Jun 08, 2017 06:53 PM EDT
Whale Watching Season Underway In Sydney
SYDNEY, AUSTRALIA - JUNE 23: A humpback whale tail breaches off Sydney Heads at the beginning of whale watching season during a Manly Whale Watching tour on June 23, 2011 in Sydney, Australia. The first day of winter in New South Wales, June 1st, marks the start of the Humback and southern right whales migration from southern regions to the north to warmer waters. Whale watchers should expect too have plenty to see with the whale population increasing each year. The migration north continues through July and with the whales returning between September and November. (Photo by Cameron Spencer/Getty Images)
(Photo : (Photo by Cameron Spencer/Getty Images))

A recent study suggests humpback whale calves whisper to get their mother's attention.

According to a few researchers who eavesdropped on a conversation between a baby humpback and its mother, the calf seemed to be making something of a whale whisper.

Using detachable acoustic tags, researchers trailed eight calves and two mothers for a total of 48 hours each as they swam near the Exmouth Gulf off Western Australia.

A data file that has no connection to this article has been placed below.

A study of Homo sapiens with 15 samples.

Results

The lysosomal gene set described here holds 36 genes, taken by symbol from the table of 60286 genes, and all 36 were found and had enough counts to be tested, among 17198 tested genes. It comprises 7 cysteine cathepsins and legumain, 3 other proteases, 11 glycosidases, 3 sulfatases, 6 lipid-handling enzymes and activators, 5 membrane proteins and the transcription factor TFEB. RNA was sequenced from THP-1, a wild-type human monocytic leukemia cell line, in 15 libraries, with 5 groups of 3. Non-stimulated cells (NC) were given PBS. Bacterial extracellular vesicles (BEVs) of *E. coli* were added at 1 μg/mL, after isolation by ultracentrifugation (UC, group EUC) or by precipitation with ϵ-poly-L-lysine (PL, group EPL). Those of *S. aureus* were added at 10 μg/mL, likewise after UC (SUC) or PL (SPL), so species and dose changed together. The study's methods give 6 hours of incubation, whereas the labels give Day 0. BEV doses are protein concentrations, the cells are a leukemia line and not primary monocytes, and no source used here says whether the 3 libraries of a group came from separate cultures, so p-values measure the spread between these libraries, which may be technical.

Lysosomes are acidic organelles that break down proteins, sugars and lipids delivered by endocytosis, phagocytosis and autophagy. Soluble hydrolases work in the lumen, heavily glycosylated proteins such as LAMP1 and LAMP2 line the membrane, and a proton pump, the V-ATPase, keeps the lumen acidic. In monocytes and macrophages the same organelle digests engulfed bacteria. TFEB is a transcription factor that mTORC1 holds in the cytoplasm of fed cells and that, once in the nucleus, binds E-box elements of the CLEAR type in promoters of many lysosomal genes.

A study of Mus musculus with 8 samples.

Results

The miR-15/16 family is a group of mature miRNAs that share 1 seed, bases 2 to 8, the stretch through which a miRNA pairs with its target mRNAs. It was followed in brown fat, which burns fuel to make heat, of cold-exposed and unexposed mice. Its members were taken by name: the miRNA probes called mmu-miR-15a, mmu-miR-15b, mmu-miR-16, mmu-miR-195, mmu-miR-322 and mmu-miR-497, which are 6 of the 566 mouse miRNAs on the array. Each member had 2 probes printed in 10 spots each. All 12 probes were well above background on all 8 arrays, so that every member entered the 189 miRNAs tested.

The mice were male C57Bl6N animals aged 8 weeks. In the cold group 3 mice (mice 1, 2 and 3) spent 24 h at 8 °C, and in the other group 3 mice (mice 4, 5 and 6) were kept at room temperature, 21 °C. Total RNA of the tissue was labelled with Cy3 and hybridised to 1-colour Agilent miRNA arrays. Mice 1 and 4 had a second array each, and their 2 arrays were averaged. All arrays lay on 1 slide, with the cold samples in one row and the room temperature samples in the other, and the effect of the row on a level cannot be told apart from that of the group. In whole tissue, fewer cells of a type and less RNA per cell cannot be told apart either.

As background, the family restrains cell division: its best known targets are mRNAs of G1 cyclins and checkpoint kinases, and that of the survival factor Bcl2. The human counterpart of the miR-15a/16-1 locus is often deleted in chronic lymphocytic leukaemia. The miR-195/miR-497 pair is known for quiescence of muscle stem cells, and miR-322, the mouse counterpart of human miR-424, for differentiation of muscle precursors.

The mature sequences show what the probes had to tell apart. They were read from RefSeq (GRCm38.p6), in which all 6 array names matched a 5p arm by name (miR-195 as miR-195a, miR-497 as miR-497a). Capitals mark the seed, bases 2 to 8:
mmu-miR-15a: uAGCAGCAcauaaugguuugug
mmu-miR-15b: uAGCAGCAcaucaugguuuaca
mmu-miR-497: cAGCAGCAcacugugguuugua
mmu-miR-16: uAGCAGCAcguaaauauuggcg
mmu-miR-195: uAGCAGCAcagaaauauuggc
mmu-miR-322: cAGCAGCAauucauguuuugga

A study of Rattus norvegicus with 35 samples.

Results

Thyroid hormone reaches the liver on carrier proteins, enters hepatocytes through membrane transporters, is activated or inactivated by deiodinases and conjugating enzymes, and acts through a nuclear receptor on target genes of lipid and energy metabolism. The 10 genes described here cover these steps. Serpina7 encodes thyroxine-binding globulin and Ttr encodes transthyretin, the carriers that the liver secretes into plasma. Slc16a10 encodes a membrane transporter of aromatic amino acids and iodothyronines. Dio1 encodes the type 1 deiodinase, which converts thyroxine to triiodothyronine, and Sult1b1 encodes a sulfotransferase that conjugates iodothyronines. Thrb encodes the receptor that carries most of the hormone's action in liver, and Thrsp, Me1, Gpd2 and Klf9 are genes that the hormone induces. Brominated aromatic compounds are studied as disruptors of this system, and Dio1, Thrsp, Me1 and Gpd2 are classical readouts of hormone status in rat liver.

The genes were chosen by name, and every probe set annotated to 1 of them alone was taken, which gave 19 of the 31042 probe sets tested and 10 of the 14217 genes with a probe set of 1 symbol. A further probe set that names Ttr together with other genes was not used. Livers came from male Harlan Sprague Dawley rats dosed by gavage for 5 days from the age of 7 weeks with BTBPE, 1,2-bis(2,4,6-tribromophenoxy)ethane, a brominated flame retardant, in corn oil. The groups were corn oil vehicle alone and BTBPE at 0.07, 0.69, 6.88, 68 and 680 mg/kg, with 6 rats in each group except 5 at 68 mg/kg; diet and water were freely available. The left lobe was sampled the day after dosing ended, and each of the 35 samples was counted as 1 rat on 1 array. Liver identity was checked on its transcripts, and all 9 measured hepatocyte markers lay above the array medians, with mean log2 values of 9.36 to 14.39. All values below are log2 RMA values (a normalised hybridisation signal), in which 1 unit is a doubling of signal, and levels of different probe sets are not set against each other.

The recordings, described in Functional Ecology, are the first of their kind.

After a quick listen, researchers noted they weren't exactly sure what they'd heard.

"It's like a squeaky sound, and some of them are really like grunting sounds," Dr. Simone Videsen of Aarhus University in Denmark said. "When they're born, these whales are around five meters long," she added, noting that this discovery is "pretty big considering it's a baby."

Dr. Videsen said her team of scientists used special sound and movement recorders that they attached to the whale's skin by suction cups.

"We were really surprised because humpback whales are really vocal normally and they have these long songs," she said. "But when you look at the communication pattern between mother and calf, you see that they're often silent and they do produce these weaker signals."

By "whispering" to its mother, scientists believe that the calf is less likely to be overheard by other predators and male humpback whales who are in search of a mate.

"There are lots of killer whales in the area which are predating on these calves," Dr. Videsen said, "and they can use these sounds between mother and calf like homing cues." But the low volume of their calls risks being overwhelmed by engine noises emitting from nearby ships.